Detecting light with an LED

It is possible to use a led as a light sensor as well as a light emitter. Essentially a reverse biased led will act as a capacititor, if it is then disconnected the charge will drain at a rate roughly proportional to the light hitting it.

We can use this with a microcontroller - utilising the multi state ability of the ports. alt text

The resistor should be about 100 ohms, I have only used this with red leds - it may work with others.

Use the following sequence:

Set Port A output high
set Port B output low   // this makes sure the led is discharged
wait 1mS
set Port A output low
set Port B output high  // reverse bias and charge
wait 1mS
set Port B as input     // Port B is high impedance input
time how long for Port B to read low

The length of time will be dependant on the amount of light hitting the led.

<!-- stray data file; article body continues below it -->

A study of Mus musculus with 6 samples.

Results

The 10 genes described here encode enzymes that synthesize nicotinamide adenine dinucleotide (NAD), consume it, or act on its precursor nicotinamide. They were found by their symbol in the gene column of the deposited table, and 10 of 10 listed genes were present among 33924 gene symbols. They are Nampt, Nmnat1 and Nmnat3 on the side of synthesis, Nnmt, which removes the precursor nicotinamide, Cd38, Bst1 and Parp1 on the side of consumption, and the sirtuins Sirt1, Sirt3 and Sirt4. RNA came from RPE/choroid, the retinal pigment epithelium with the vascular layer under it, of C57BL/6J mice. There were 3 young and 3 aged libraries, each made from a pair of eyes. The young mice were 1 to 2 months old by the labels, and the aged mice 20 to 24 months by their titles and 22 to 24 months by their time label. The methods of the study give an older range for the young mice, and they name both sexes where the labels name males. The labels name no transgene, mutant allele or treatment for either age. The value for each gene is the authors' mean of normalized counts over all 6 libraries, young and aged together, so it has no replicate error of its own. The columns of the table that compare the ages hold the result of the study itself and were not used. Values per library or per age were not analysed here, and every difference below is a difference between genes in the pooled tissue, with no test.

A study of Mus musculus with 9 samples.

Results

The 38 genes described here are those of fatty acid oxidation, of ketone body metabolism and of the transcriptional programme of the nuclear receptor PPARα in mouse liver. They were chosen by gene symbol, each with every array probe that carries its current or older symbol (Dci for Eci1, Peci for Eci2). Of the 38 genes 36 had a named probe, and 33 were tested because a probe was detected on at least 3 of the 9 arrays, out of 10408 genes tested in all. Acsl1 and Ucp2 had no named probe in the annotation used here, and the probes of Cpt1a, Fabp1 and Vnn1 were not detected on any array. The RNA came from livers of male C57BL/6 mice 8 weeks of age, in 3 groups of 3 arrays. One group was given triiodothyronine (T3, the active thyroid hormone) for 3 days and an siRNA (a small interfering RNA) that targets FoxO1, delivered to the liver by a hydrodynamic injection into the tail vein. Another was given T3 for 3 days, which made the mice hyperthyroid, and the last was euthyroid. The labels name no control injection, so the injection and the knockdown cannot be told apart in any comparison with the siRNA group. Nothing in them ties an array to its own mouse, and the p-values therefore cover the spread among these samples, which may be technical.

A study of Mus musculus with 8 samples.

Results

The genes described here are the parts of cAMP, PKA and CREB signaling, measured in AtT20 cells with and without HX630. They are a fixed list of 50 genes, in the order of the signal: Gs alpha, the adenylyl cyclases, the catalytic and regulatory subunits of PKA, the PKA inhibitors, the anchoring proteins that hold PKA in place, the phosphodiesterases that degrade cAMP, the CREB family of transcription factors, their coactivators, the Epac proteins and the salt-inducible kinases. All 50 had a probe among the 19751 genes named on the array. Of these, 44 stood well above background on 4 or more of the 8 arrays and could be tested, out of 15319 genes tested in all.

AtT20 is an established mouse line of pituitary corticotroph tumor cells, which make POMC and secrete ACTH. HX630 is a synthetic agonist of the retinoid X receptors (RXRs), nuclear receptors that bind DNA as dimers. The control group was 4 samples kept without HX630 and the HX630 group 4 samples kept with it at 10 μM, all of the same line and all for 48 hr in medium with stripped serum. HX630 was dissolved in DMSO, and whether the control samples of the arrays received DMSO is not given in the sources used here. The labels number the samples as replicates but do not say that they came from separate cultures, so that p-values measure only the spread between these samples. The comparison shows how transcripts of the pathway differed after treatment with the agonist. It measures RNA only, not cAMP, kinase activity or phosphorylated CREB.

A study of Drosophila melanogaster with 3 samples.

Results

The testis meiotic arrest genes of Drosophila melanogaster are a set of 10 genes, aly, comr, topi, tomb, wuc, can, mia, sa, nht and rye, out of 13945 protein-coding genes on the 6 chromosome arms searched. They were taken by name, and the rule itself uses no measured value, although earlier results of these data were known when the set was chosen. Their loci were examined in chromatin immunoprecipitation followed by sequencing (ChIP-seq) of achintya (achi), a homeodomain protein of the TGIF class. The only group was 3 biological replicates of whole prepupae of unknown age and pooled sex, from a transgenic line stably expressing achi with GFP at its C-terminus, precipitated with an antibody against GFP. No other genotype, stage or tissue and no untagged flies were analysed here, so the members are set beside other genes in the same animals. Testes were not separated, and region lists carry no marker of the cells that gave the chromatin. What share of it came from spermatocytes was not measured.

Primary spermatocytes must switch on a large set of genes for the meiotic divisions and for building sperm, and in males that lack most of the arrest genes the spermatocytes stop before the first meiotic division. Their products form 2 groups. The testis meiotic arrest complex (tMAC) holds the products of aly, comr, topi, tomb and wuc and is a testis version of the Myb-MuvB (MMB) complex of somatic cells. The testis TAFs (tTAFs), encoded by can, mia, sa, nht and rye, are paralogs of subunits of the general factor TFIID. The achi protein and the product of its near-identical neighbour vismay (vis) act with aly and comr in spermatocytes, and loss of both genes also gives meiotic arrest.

There are several examples of this on the web - I will list them here as I find them again:

LED senses and displays ambient-light intensity

Red LEDs function as light sensors

Multi-Touch Sensing through LED Matrix Displays - very cool video

LEDs As Sensors

Very Low-Cost Sensing and Communication Using Bidirectional LEDs

Here is a good video describing how LEDs can be used as a light sensor Also Forest M.Mims III has wrote about simple projects using LEDs as touch sensors as well.

Also, I have read that SMD LEDs work better as light sensors than through hole LEDs...

Here is a circuit that uses a LED to detect light from an educational kit : LED light detector

LED 0 allows a very small , light-influenced current to pass through because its polarity is reversed.Make sure it is green , yellow or transparent or it may not work (red). The transistors amplify this current just enough to drive a normal polarized LED (LED 1).You can adjust the sensibility by adding more transistors , thus having a greater amplification , responding to a lower illumination level.